The Y12 blog will be posting a five part smarter study series based on webinars hosted by Karen Boyes. She is an education guru that has become a leader in New Zealand for her thinking around studying and thinking dispositions. Her blog regularly contains informative articles and her company Spectrum Education has a range of useful products and resources that can assist a student in the market for a better approach to studying. Like the Smart Study Facebook page for regular study tips.
The following notes are taken for her webinar on study skills available in full here. The webinar went back and forward between the seven keys to memory and translated them into study tips to make them accessible and practical. The summaries here are elaborated considerably in the webinar.
- Use colour – visual notes and mind maps help commit ideas to memory. Colour is right next to your long term memory in your brain, using it helps you to remember.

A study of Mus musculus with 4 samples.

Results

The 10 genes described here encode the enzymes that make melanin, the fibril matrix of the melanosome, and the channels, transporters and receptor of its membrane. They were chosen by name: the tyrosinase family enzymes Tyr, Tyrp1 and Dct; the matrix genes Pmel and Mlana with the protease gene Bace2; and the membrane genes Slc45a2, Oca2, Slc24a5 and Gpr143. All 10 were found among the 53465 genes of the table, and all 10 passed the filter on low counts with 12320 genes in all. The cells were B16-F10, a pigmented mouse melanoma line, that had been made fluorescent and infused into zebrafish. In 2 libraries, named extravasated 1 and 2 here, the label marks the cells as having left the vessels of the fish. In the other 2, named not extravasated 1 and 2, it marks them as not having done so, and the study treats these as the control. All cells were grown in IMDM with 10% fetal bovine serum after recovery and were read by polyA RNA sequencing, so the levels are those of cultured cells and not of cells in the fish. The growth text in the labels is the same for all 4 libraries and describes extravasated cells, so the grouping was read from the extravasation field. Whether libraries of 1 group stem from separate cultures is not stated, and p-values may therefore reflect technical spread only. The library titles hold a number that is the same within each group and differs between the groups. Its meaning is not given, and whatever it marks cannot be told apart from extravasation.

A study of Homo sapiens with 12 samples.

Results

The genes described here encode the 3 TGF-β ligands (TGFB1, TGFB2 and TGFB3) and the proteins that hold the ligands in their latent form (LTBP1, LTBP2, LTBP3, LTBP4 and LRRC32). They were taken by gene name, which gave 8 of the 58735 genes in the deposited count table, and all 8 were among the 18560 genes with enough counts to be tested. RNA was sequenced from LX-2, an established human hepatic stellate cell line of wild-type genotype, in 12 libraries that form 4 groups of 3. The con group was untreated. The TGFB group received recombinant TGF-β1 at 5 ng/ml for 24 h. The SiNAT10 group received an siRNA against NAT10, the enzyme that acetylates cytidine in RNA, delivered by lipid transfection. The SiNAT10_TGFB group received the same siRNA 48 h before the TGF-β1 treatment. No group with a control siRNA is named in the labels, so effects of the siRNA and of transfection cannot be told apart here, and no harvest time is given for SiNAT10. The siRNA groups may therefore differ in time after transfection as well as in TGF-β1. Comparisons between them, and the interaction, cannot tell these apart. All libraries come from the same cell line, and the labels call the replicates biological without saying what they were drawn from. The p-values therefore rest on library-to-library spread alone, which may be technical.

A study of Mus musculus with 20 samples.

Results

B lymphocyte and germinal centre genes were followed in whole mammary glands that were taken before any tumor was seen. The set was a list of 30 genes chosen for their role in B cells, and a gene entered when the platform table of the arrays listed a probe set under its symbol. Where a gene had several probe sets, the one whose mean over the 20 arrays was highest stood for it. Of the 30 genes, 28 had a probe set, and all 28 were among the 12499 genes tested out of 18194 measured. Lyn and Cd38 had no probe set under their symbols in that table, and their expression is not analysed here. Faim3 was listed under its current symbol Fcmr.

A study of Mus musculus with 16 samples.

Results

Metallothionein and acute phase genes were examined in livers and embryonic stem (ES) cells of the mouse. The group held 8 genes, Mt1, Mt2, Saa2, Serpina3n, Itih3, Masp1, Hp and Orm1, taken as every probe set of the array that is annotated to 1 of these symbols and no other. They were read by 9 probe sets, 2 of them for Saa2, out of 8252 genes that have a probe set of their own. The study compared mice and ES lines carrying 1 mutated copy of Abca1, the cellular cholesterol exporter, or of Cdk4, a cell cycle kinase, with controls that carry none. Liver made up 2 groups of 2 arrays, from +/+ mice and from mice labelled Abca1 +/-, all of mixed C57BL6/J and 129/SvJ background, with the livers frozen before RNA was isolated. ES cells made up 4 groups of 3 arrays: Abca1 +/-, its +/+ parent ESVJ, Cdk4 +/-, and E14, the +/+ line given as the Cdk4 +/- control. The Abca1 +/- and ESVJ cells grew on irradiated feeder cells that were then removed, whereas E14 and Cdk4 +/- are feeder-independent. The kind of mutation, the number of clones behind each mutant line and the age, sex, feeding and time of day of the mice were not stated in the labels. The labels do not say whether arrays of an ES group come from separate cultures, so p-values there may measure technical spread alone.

- Drink at least 6-8 glasses of water each day – your brain doesn’t work well without water.
- Learn the most important information first
- Learn the information you don’t know
- Revise the most important information last
- Study for 20 minutes and take a 5 minute break – and thereby maximising #3 and #5 (use a study alarm)
- Go over your notes one day after learning them, then one week, one month and every six months (see 30 minutes into the webinar for more information)
- Make important information stand out in many difference ways
- Create real-life examples – if something is real to you it will stick much better
- Draw Pictures and diagrams
- Learn only 3-4 pieces of information at a time
Seven Keys to Memory
- Primacy – your brain is designed to remember the first things that happened
- Recency – your brain is also designed to remember the most recent things that have happened
- Repetition – repetition makes things stick
- Stands Out – any way you can make something stand out – make it funny, rhyme, odd, memorable for whatever reason – you are more likely to remember it.
- Association – make links and connections
- Visuals – images help things to remember
- Chunking – break information up into small manageable bits
These are helpful guidelines and strategies – make sure you put them into practice! Part Two will be posted later in the term.